Wherever there is a strong sense of place, you'll find Rust Belt Chic. In the Iron Range:
The food on the Range is excellent. Pasties are ubiquitous at all grocery stores, with multiple brands abounding. You cannot easily find a pasty anywhere else I have ever been. Walnut Potica, Souvlaki, and many other ethnic foods exist, making for an excellent variety of taste. ...... I hope to someday return to the Range as both my parents still live there, and I do miss the woods and the culture. Living on the Range was definitely like experiencing a different culture, a small microcosm of the Rust Belt surrounded by the Great Northwoods. The Iron Range is definitely a great place to live, if you can find decent employment.
One is forced to leave thanks to economic circumstances. They are refugees of the apolitical sort. If times were better, then it wouldn't be the Iron Range. What's ugly to outsiders is beautiful to insiders. The lack of jobs helps to preserve the authenticity, the communities stuck firmly in the past.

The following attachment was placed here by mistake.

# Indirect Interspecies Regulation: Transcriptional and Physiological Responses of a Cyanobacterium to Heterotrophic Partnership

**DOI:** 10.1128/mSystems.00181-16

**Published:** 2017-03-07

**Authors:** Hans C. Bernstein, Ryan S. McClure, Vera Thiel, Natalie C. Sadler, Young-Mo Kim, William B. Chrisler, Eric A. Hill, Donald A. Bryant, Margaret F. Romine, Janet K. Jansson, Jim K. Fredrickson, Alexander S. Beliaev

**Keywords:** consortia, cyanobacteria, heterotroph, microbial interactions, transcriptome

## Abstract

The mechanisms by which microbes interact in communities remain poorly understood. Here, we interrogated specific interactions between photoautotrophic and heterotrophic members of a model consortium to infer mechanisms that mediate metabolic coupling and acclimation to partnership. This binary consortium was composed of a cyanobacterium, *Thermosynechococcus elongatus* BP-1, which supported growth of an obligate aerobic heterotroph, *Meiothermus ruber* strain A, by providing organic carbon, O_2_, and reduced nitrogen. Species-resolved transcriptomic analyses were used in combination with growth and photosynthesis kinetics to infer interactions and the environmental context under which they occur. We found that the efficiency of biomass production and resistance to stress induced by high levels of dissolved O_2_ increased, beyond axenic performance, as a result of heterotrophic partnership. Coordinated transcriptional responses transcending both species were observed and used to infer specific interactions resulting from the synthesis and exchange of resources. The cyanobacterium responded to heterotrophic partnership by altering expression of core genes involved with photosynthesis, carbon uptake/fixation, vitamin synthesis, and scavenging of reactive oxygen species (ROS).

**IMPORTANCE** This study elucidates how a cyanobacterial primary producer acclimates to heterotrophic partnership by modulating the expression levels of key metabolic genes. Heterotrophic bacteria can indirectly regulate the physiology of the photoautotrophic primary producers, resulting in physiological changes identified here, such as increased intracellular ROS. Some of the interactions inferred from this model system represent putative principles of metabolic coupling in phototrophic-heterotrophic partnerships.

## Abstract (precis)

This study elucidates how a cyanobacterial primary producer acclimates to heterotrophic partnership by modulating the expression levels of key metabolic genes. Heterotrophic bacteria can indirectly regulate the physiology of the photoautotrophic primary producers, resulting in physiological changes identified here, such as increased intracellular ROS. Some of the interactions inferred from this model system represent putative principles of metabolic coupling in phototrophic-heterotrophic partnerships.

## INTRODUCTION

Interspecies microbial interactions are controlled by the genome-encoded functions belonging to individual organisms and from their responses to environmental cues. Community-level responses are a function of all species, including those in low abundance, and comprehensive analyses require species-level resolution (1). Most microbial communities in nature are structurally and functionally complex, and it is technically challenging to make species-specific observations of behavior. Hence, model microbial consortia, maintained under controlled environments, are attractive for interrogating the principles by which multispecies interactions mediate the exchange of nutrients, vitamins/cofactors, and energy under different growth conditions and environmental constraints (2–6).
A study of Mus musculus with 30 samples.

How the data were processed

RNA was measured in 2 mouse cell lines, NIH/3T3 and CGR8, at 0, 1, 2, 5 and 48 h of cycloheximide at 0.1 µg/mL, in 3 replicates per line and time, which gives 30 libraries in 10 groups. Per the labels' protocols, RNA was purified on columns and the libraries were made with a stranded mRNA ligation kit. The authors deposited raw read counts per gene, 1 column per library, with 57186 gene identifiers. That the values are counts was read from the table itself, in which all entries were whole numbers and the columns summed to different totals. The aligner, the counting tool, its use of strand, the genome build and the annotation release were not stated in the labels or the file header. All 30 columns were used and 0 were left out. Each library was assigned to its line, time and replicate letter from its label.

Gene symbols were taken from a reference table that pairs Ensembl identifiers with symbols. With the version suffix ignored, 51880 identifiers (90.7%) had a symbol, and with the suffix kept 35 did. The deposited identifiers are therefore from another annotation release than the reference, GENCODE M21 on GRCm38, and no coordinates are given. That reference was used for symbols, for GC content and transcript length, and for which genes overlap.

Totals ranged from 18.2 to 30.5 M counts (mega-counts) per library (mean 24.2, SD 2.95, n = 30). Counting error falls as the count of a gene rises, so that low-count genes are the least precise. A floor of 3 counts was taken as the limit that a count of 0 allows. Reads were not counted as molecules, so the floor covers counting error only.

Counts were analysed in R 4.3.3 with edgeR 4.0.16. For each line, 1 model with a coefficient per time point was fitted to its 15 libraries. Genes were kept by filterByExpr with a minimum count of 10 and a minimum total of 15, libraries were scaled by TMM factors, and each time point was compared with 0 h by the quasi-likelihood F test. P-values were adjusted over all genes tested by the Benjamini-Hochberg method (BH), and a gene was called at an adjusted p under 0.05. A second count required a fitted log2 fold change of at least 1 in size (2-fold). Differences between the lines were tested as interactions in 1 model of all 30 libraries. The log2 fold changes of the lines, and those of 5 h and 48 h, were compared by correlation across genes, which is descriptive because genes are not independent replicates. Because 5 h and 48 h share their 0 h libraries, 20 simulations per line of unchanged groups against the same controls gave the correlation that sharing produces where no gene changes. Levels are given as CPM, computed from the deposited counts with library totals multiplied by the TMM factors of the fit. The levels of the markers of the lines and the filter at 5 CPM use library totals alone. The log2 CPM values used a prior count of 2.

Grand Rapids is definitely the milkman’s kid. It doesn’t fit the dynamic of all the other Range towns. It feels like somewhere else entirely. Its not full of bars, people aren’t able to pass toilet paper to each other between their bathroom windows, there are no active mines, property values are ridiculous etc. Do they even have a Bocce Court or Curling Rink? It’s hard for me to even think of it in the same genre.
For us non-Rangers, I'm sure Grand Rapids would cut it as an exotic experience. To natives, it doesn't pass the sniff test. I suspect the thriving tourist business is largely to blame. The city is a base for all the itinerant residents who summer in the Northwoods. Rust Belt Chic lite is more than enough for those just visiting.